Box Clever's concept design could potentially resolve whether self-driving cars prioritize the passenger's life or the pedestrian's life.

Box Clever, a design firm whose clients include Samsung, Google, and Microsoft has conceived of a symbiotic relationship between unmanned aerial vehicles and self-driving cars, where the former provides vital foresight to the latter and can thereby mitigate potential accidents on the road. 

Currently, self-driving cars by various manufacturers are being tested on roads across the country, but a few ethical dilemmas have yet to be sorted out. How does the car’s autonomous decision-making fare when faced with the choice between either saving the passenger’s life or a pedestrian on the road? This is the particular conundrum that Box Clever posits can be resolved by implementing a drone into each self-driving car, as it could forge ahead of the vehicle and see a little further down the road, allowing for such scenarios to be prevented entirely.

When Co.Design asked a variety of design firms to conceive of functional, preventative measures regarding a self-driving car’s decision-making when faced with potential fatalities, it was San Francisco-based company Box Clever that offered the most interesting option. Since UAVs have become an affordable, practical tool that can provide users and their cars with an aerial view otherwise unavailable, why not combine the two vehicles to assist each other? As Box Clever envisions it, the drone, attached to the self-driving car’s roof, would be deployed whenever unexpected circumstances on the road are encountered and the autonomous navigation could benefit from a bird’s-eye view. 

Here’s what that might look like.

A self-driving vehicle and its drone surveying the road ahead for potential alternative routes., Box Clever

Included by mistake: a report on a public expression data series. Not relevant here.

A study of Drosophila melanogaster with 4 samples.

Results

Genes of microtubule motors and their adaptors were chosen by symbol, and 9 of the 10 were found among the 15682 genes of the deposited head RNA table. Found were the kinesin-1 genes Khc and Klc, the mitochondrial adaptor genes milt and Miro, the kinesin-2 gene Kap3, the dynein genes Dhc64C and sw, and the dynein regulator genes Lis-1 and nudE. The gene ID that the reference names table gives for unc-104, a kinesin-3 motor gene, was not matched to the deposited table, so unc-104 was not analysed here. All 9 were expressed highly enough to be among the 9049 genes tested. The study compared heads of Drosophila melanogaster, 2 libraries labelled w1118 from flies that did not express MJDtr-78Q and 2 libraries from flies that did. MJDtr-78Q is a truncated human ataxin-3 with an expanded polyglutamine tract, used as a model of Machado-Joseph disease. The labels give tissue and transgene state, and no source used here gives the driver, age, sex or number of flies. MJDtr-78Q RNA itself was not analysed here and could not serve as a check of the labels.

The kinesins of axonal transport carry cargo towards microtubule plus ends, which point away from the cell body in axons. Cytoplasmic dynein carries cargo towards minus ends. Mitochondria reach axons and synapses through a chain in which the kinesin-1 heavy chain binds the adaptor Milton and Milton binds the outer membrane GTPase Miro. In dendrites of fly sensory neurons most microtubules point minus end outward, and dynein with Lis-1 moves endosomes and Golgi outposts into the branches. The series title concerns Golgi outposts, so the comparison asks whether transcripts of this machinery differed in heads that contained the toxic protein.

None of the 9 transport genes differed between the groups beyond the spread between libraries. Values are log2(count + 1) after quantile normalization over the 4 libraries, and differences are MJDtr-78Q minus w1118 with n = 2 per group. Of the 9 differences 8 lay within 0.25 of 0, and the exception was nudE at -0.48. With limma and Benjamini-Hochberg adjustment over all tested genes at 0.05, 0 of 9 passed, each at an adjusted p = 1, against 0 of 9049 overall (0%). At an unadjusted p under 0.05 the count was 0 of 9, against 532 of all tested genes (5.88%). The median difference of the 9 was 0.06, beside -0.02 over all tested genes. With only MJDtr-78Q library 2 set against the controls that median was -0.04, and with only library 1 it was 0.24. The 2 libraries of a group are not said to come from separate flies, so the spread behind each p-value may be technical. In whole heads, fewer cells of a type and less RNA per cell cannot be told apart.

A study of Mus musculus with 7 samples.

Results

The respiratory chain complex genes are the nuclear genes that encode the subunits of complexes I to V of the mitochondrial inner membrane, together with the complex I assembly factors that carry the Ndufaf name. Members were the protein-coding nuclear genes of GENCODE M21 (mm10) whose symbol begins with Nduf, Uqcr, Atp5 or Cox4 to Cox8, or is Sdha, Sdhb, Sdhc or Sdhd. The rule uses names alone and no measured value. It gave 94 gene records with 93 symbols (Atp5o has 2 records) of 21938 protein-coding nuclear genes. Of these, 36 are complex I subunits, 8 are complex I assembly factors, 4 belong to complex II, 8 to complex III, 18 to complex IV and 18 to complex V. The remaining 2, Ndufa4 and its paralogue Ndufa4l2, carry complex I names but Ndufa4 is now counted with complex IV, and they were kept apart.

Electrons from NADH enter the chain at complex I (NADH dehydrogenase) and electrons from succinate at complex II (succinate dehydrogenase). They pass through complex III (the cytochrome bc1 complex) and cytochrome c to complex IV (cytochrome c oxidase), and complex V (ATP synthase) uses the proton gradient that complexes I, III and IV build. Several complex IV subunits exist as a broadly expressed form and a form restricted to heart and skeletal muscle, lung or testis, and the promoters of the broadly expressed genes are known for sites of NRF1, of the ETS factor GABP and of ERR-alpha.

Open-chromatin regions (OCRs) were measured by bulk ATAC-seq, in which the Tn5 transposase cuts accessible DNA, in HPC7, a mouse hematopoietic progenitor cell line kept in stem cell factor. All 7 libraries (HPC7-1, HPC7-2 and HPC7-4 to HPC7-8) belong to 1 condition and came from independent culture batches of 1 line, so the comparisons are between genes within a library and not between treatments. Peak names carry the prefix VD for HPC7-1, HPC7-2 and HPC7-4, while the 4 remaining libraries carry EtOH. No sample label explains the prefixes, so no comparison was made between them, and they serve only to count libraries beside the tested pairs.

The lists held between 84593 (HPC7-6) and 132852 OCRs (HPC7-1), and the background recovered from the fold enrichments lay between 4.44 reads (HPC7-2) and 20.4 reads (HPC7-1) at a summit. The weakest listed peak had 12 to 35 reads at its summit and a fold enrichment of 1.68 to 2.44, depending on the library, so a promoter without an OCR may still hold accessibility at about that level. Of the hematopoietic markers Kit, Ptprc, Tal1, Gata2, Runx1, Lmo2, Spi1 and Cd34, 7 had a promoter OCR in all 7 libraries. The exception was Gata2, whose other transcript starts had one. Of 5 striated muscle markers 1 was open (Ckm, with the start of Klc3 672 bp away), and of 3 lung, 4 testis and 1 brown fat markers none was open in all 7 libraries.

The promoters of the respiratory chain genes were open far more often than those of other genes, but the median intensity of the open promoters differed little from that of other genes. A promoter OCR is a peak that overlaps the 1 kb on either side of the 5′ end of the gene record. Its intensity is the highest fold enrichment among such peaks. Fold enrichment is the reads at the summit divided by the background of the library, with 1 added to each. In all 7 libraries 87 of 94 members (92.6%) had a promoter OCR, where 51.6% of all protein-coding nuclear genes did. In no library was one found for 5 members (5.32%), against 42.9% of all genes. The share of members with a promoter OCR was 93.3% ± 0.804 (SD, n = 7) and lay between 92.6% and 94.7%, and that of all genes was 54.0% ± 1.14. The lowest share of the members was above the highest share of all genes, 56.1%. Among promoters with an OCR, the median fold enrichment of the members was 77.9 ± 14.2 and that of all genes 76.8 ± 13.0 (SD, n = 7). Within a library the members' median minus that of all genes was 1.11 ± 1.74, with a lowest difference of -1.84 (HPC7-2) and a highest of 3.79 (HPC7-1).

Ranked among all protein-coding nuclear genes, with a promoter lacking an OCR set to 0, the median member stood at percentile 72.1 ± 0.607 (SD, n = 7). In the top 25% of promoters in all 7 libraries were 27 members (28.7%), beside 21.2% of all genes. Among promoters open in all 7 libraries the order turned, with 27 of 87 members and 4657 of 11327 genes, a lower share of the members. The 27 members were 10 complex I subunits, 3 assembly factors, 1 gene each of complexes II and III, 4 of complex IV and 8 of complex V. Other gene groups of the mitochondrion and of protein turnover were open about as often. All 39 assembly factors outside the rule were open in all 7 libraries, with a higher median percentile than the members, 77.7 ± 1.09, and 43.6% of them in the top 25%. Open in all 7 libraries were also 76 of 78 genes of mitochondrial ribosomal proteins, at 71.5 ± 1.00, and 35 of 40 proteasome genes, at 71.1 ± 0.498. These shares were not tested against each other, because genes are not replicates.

Naturally, this would not only add a layer of protection to the passenger within the car, but provide one for pedestrians and potential accident-scenes on the road, as well. Let’s take the scenario pictured in the image above, if a self-driving car detects a road-blocking accident ahead, this additional pair of eyes in the sky could seek out alternative routes. If there’s no oncoming traffic, and the light is green, the self-driving car might as well drive around the accident and maintain the flow of traffic. According to Co.Design, the vehicle could even warn other self-driving cars of the location and data collected at the scene, so that others could adapt their routes and behaviors, as well. Pretty nifty, right?

Founder and Creative Director of Box Clever, Bret Rector, thinks of the implemented drone as both an informative tool and co-pilot, of sorts. “It’s almost like satellite imagery around you while you’re moving. The car has a buddy,” he said. “It’s able to go higher and out in front and potentially detect other things that are off the road. Like, say, a deer that’s about to dart across a vehicle’s path.”  

Once more, the discussion of privacy versus security comes into play. With aerial vehicles recording other drivers and capturing their license plate information, faces, and general driving behavior, not everyone would opt in for this to become a standard. Then again, as time moves forward, it seems as though most people are providing corporations with personal information anyway, that suggesting that drones implemented in self-driving cars wouldn’t be too much of an issue for many. This, of course, remains to be seen. 

To be clear, this is still very much a concept design, with no current plans to begin production or even being granted regulatory permission. The company is simply thinking outside of the box, cleverly. With last year being a 25-year high of pedestrian fatalities caused by cars, it’s high time to inject some of this innovative, creative technological use into our public infrastructure. As is evident by the wide preponderance of various use-cases for drone technology, UAVs are continuously revealing new solutions to age-old problems.